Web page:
Friend out of options?

by Brian


I have a friend suffering with addiction. He says he hates his life, admits to being an addict, but claims he doesn’t want to stop using. He deals drugs because he cannot get a job due to his extensive criminal record.

He has no money, no insurance, no support system. I believe is is on disability (but I’m not 100% sure. He also claims to be bi-polar and is prescribed Seroquel.

Are there any options for him? For treatment or even employment? He is in the Atlanta area of Georgia…



He Needs to Allow Help

by: Ned Wicker

Dear Brian,
Denial is a very powerful weapon against people getting into treatment and recovery. He hates his life, admits to being an addict, but he wants to keep using. In other words, no matter how bad it gets, I’d rather die than not use drugs. He is suffering the consequences of his own choices in life. Options? It does not appear that he will allow or consider options.
There is always hope, but he has to want to get better. He has to be a part of the changes that are necessary to make his life worthwhile. Being in denial, or digging his heels in the ground, refusing to budge from his addicted, directionless life, isn’t going to help. There are options all over Atlanta, places to get help and get back on track. However, he isn’t likely going to let anyone help him as long as he believes that using drugs is the only way he can exist.
There is little you can do to force the issue. You don’t have any leverage, other than your relationship. Perhaps his family could step in and get him into treatment. The bi-polar is just a co-occurring condition that makes the problem more difficult, as I can only imagine what the drugs are doing to his brain, and if he isn’t taking his meds for that, the likelihood of some kind of psychotic break is heightened.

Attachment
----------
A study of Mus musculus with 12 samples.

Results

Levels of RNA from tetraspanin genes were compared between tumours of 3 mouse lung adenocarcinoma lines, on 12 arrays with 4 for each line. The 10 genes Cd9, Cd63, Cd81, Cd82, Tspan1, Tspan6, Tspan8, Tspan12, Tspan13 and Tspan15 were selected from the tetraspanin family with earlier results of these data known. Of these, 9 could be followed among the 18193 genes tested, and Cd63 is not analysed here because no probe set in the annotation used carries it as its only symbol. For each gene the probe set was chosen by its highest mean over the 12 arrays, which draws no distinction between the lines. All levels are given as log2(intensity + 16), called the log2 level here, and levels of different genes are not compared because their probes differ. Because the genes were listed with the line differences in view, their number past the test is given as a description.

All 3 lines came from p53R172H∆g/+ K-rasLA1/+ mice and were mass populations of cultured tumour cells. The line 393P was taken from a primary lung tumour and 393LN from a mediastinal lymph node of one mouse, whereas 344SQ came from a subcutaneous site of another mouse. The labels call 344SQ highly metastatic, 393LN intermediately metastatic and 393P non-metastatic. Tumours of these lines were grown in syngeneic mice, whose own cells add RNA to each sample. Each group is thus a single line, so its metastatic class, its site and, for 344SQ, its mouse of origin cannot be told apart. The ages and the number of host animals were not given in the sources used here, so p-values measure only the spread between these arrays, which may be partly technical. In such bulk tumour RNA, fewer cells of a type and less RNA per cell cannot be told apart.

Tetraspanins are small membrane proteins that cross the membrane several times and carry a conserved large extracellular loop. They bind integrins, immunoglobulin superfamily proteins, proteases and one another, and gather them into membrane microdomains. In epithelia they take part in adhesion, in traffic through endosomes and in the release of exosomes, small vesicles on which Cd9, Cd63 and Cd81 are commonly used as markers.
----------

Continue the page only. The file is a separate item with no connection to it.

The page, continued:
You can call Al-anon and talk to them about what friends can do. They are a terrific group and have sage advice for people like you. You can also talk to his family and see if a plan can come together to get him into treatment. To stop him from using, he may have to be locked up, but that is really useless without a treatment program to help him control his disease.
Addiction is also a condition of the spirit. The drugs may be the only thing he really believes in. In addition to his body being healthy and his mind being healthy, his spirit must be healthy and in balance. That is why the AA Big Book talks about needing a “spiritual experience” to overcome.